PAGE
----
RAS200 - astronomy and geophysics reach out to new communities
Sheila Kanani – Royal Astronomical Society. United Kingdom
Sue Bowler – Royal Astronomical Society United Kingdom
Liz Jeavans – Jenesys Associates Ltd United Kingdom
Steve Miller – UCL United Kingdom
2020 sees the Royal Astronomical Society – the oldest learned society covering astronomy and geophysics in the world – celebrate its 200th anniversary. In the run up to 2020, the RAS initiated an outreach and engagement scheme aimed at bringing the society’s sciences to new audiences, those who might not normally attend public lectures, planetarium shows or even star-gazing evenings. Committing £1 million to the project, the RAS deliberately sought out new partners who would take it out of its comfort zone with a bottom-up funding scheme making up to £100k available for five-year projects. Competition for the funding was fierce with just 12 projects funded out of more than 150 applications.
Starting in 2015, the Prince’s Trust has used astronomy to inspire young people who have had some of the hardest starts in life. Carers who hardly ever get a break from their duties are funded to spend weekends learning about the stars on the Scottish island of Coll. A new planetarium show using Holst’s classic “Planet Suite” and modern adaptations brings the heavens in Full-dome 360 animation to audiences via mobile planetaria. New courses for adults who missed out on their education first time round have been developed. And Welsh cultural festivals now resonate to poetry, dance and music inspired by astronomy.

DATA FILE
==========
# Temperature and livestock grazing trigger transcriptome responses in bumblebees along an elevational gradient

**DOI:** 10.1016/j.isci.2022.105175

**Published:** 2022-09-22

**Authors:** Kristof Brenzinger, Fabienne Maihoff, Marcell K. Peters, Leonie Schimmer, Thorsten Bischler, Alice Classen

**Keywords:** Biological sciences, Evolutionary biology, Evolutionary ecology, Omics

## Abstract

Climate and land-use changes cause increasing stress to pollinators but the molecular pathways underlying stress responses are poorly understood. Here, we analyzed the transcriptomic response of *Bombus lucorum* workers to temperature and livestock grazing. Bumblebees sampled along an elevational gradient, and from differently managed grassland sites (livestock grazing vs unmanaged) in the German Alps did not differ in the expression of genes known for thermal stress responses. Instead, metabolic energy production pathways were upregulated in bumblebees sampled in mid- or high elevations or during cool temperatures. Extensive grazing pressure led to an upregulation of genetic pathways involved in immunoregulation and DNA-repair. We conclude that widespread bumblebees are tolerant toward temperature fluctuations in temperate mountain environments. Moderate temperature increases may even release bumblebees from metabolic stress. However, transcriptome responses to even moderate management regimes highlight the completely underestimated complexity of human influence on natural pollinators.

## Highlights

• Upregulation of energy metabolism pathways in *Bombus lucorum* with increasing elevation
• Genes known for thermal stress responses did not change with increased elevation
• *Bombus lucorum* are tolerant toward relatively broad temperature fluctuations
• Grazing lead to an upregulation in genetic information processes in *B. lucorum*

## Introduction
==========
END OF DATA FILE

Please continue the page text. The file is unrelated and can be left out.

Starting two years later, geophysics is being used to engage football crowds with science, and prisoners are being helped maintain links with their families through astronomy. In Cornwall, Galway and South Africa, artworks, trails and exhibitions are taking astronomy out to local people. And young girls and women in the Girl Guides have new badges to work for. All of these projects, too, are being adapted to suit people on the autistic spectrum. All projects and the scheme as a whole are being evaluated by external consultants, and the evaluation work carried out so far will be discussed in the conclusion of this talk.
The author has not yet submitted a copy of the full paper.